LONDON - The rain started to sprinkle down onto the worn grass of Centre Court just as Eugenie Bouchard’s Wimbledon run came to an end.
It wouldn’t do to have the trophy presentations rained on, organizers decided: the roof needed to be closed.
That wouldn’t take too long. And so fans were urged to stay in their seats, but Bouchard — who had just been defeated 6-3, 6-0 in the final — and her opponent, Petra Kvitova, were led off court to escape for a few minutes of quiet.
The place chosen to wait out the brief delay? The room under the Royal Box, where the names of the winners are etched on the trophies. The engraver’s room.
“Yeah, it was a little odd,” Bouchard said after Saturday’s match. “I sat down. I put my jacket on — just reflected. I was in the engraver’s room, so I was watching them work, wishing one day, dreaming, that he’ll write my name.
“Maybe it’s a bit cruel,” she said, shrugging. “She just told me to go in there. I didn’t ask questions.”
How very Canadian.
Once the roof slid shut and the court was cozy and dry, Bouchard had to go back out and watch the Duke of Kent present the Rosewater Dish, given to the ladies’ singles champion, to Kvitova, who also won in 2011.
Bouchard was gracious, but she looked pretty miserable. The crowd, which had tried to cheer her through difficult moments in the match — and there were more than a few — gave her huge applause when she took the microphone to thank them: “I don’t know if I deserve all your love today, but I really appreciate it.”
Though her fortnight ended rather ignominiously — the 55-minute two-setter was the quickest women’s final in 31 years — Bouchard had been the darling of this tournament, playing tennis in front of packed stands and speaking to crammed press conferences.
After a summer of British sporting failures — a football World Cup disaster, Andy Murray being knocked from the men’s draw in the quarter-finals — British fans and reporters decided she was their girl.
On Thursday, there she was on the front page of the Daily Telegraph; Saturday, The Times featured Bouchard (and her One Hot Drop Shot tank top) on its cover.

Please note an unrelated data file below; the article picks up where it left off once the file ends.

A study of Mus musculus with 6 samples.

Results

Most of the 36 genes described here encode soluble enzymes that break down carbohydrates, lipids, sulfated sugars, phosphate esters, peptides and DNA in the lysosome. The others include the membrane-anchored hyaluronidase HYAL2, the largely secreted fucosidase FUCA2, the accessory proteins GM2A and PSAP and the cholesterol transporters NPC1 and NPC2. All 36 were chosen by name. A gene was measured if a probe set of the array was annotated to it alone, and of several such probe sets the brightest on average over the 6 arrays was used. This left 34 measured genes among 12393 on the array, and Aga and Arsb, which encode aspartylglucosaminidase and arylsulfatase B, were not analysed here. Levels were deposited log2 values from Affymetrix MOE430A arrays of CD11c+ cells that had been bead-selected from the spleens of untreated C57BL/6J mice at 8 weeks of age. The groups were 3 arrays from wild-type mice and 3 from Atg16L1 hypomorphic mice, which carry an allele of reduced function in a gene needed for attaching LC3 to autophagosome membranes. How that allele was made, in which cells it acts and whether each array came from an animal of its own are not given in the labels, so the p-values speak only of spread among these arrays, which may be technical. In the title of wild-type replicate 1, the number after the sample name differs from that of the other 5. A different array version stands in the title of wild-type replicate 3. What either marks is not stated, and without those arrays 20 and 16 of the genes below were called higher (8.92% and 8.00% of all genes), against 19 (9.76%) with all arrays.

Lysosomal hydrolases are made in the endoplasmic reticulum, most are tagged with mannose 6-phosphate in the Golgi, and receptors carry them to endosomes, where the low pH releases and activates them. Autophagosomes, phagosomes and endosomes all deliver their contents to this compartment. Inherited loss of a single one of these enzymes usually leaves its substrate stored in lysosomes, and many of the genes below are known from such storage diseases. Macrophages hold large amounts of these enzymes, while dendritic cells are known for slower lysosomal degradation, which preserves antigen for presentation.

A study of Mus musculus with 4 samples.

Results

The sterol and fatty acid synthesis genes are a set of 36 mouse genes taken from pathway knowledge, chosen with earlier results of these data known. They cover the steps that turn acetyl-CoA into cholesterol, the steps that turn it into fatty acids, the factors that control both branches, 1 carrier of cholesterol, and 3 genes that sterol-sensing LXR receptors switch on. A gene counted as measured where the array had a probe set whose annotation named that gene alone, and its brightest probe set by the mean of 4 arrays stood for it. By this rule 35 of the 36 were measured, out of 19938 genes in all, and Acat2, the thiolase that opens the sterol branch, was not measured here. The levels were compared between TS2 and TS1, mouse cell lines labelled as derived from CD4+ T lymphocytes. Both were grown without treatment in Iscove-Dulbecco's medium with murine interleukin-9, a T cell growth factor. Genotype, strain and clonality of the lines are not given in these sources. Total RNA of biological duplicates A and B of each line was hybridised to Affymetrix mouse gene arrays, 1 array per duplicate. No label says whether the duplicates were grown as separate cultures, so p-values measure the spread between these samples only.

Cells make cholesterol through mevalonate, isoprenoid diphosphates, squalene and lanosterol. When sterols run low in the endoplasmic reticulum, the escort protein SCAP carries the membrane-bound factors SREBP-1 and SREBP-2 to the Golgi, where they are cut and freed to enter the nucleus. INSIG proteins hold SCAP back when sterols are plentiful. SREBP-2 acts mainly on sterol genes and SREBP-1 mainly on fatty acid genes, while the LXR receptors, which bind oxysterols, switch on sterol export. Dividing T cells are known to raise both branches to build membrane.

The Daily Mail, one of the country’s best-selling newspapers, dubbed her the new Maria Sharapova and had her in for a glamorous photo shoot — and that was before play in SW19 even started.
Throughout the tournament, Bouchard fielded regular questions about the Royal Family — she and her siblings all bear regal monikers — and Justin Beiber, who she once named as her dream date.
Who would she like to see in the Royal Box? Bouchard’s answer: either Oprah — Bouchard thinks she’s an inspiration — or Princess Eugenie, younger daughter of Prince Andrew and Sarah Ferguson.
And on Saturday, there she was. Alongside tennis royalty — Martina Navratilova, Virginia Wade, Martina Hingis — and Canadian representatives like WTA CEO Stacey Allaster and High Commissioner Gordon Campbell, sat Eugenie of York.
“I know, that was crazy,” Bouchard said. “I did see her in the box. I’m very happy that she came out. Disappointed I couldn’t put on a better show for her, but I’d love to meet her, of course.
“It’s the only person I’m named after. She’s the only one in the world.”
And to be fair, there were many tempting storylines, many of them actually relating to tennis. One: Bouchard was seeded 13th here — an unlucky number for so many, but Sharapova had the same ranking when she won her title here, in 2004. Could Bouchard repeat that feat?
And two, though this one with a slightly more local angle: Had Bouchard won, she would have been not only Canada’s first Wimbledon champion, but Canada’s first Grand Slam champion.
Don’t forget that despite Saturday’s loss, Bouchard made history here. She was the first Canadian quarter-finalist at the All England Club, then the first Canadian semi-finalist. (Scheduling always put Bouchard a step ahead of Milos Raonic, who also made the men’s semis, but fell to Roger Federer on Friday.)
The possibility of a Canadian Wimbledon champion focused the country’s attention on the 20-year-old Bouchard; she deflected any questions about what it might mean for the country, and her sport, and herself, were she to win.
It would be difficult to fault her for not being faultless.
Bouchard said after Saturday’s match she didn’t think nerves got the best of her. Once she and Kvitova started warming up, it was the game she’s been playing since she was five.
“I don’t think I felt overwhelmed,” Bouchard said. “As soon as we started hitting and the match started, you know, I felt a bit more in my element. You know, I felt, okay, it’s just a match. It’s starting.”
Kvitova, a powerful left-handed player who came in at the sixth seed, dominated from the beginning. Her shots were perfectly placed; her serves, faster than any she had delivered at any time during the tournament. Bouchard was, at times, left standing still.
“I definitely got outplayed, and I felt that way after the match,” Bouchard said. “But I’m still holding my head up. I feel like I’ve come a long way and I’m proud of what I’ve achieved not only this week but this year as well.
“So I think life is good, and I’m just going to keep working,” she said. “That’s what you have to do, just go back to work.”
Well, not right back. Bouchard first intends to first indulge in some comfort food — she’s been keeping away from desserts lately, so might treat herself to a brownie at dinner Saturday — and then she’s headed home to Montreal.
Once there, there’s some serious sofa time to be scheduled.
“I don’t know what it’s going to be like. I’m just excited to spend a little time off with my family back home,” Bouchard said.
“I’m going to spend a lot of time on my couch. That’s the first goal.”